Scope 3 – Reducing Transport and Distribution emissions in your value chain
Logistics account for over 20% of the global greenhouse gas emissions and play a critical role in your company’s value chain. This video looks at Upstream and Downstream Scope 3 emissions and potential strategies to reduce these.
Depending on the business, transportation and distribution emissions can be major contributors to Scope 3 emissions. We have worked with a transport company in Western Australia. Their fleet drives the equivalent of one lap around the world each day!
Where do you start?
Logistics can be a significant portion of a company’s value chain emissions, depending on the industry. The last couple of years has proven the disruption that can occur to logistics globally, which introduces risk to your company. There are several strategies and resources that we touch on below.
Short-term options to reduce logistic emissions
A few examples of short-term options to reduce transport and distribution can include:
• Review key suppliers and distributors, source locally where possible.
• Use of intelligent route planning systems and telemetry.
• Sourcing lower carbon-intensive modes of transport and fuel sources. For example, switching from truck to rail.
There are also options available where you can blend biodiesel into your fleet. Under the Australian Government’s Emission Reduction Fund, you may be eligible to generate carbon credits.
It’s important to talk to your logistic suppliers to understand how they are working towards decarbonising their service.
Longer-term options to reduce logistic emissions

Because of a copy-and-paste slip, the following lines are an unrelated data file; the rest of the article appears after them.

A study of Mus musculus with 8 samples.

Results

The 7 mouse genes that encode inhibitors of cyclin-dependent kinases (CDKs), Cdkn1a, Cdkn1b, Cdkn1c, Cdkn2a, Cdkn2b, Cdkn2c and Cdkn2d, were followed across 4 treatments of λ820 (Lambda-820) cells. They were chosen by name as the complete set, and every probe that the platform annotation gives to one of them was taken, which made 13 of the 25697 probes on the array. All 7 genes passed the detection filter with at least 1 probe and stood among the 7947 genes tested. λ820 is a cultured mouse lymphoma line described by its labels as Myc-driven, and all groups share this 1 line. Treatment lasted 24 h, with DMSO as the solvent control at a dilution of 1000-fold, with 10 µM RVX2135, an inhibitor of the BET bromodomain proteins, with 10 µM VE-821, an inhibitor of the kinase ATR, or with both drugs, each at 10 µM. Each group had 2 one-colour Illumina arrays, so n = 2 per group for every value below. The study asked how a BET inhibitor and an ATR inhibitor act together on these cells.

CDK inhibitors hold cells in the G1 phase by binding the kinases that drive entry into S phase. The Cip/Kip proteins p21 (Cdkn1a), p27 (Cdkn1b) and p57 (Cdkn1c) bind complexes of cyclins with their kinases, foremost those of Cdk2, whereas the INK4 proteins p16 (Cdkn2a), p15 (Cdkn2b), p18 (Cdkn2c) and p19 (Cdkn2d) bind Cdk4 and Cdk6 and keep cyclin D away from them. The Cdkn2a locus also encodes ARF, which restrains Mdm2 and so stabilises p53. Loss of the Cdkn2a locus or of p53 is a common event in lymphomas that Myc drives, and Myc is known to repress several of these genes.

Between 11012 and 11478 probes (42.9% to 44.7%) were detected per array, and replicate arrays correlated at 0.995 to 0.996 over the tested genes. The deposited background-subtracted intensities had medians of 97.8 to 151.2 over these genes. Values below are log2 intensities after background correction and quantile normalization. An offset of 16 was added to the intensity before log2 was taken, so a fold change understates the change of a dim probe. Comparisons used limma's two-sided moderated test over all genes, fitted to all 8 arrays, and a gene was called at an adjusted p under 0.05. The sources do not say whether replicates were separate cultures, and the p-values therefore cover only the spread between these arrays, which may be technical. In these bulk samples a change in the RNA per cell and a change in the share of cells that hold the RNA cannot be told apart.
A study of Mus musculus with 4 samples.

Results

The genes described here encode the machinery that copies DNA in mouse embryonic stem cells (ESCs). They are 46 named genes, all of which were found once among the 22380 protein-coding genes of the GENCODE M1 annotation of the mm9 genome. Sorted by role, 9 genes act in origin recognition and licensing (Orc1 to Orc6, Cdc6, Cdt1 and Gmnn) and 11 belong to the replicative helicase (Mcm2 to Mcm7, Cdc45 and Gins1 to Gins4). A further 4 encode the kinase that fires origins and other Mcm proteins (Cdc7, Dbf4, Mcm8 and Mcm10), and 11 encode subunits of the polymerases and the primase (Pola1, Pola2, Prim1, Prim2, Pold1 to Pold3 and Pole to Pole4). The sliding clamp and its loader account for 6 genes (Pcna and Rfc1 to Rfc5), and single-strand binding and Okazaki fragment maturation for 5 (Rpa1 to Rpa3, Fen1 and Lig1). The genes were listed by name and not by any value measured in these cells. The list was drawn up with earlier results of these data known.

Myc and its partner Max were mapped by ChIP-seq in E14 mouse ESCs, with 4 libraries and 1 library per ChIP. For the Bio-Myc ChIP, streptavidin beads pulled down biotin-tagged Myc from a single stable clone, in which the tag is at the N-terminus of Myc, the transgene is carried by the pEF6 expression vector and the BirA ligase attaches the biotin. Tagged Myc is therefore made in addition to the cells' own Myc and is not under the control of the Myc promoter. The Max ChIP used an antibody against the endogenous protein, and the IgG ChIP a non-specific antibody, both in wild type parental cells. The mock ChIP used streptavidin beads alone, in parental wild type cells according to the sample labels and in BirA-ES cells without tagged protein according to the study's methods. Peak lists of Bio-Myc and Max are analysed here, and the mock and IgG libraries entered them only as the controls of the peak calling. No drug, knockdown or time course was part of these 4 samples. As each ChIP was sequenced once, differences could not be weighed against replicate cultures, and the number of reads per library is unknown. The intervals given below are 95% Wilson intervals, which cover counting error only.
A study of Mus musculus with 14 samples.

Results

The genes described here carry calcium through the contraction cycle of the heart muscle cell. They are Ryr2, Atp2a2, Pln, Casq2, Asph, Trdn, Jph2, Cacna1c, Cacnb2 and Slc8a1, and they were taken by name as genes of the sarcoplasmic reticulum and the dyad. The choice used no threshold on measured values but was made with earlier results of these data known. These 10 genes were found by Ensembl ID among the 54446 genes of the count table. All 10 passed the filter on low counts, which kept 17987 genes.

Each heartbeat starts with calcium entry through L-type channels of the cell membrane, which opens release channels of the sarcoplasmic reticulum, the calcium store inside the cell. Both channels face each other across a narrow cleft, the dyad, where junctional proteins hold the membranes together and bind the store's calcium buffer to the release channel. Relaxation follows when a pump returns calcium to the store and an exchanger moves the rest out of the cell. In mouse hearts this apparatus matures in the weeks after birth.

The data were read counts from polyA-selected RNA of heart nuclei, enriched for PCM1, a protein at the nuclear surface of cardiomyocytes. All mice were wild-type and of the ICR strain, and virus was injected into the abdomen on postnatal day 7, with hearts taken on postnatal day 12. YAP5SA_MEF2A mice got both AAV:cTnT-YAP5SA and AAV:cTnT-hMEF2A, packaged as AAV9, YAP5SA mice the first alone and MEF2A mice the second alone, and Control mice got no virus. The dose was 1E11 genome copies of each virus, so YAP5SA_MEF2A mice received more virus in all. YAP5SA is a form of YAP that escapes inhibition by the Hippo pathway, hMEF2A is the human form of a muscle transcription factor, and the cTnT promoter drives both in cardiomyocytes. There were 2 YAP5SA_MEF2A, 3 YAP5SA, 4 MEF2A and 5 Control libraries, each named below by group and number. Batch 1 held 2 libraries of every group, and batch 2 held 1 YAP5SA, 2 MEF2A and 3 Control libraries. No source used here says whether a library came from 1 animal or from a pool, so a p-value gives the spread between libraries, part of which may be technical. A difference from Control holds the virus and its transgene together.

Longer-term strategies to reduce logistics emissions may require higher investment.
Longer-term options can include:
• Locating production as close to consumers as possible
• Eliminate any intermediate transport, and change to a direct-to-consumer distribution model
• As technologies mature, source lower carbon-intensive modes of transport whether this is electric or hydrogen.
Be aware of the following trap
One thing to be wary of as you develop your sustainability strategy is the following:
With changing business models and increasing regulations around extended producer responsibility, some companies will need to consider the impact of reverse logistics on their carbon footprint. Reverse logistics is the movement of goods from the customer back to the supplier to enable the recovery and reuse of resources.
Depending on the volume of goods, a logistics strategy is critical to ensure no rebound effect (or significant increase in emissions).
What can you do to start?
Logistics is typically where some easy Scope 3 emission reductions can be achieved. The Global Logistics Emission Council provides great resources and frameworks to implement in your business.
Have a think about your company and which of the Scope 3 categories above might apply to your company.
Have a listen to the rest of this Decarbonising Scope 3 Emissions Series for other strategies to decarbonise your Scope 3 emissions.
If you would like to know more
Contact us at Evolveable Consulting, and we assist businesses in identifying decarbonisation solutions and strategies to reshape their business. You can learn more about our services or book a consultation directly with us.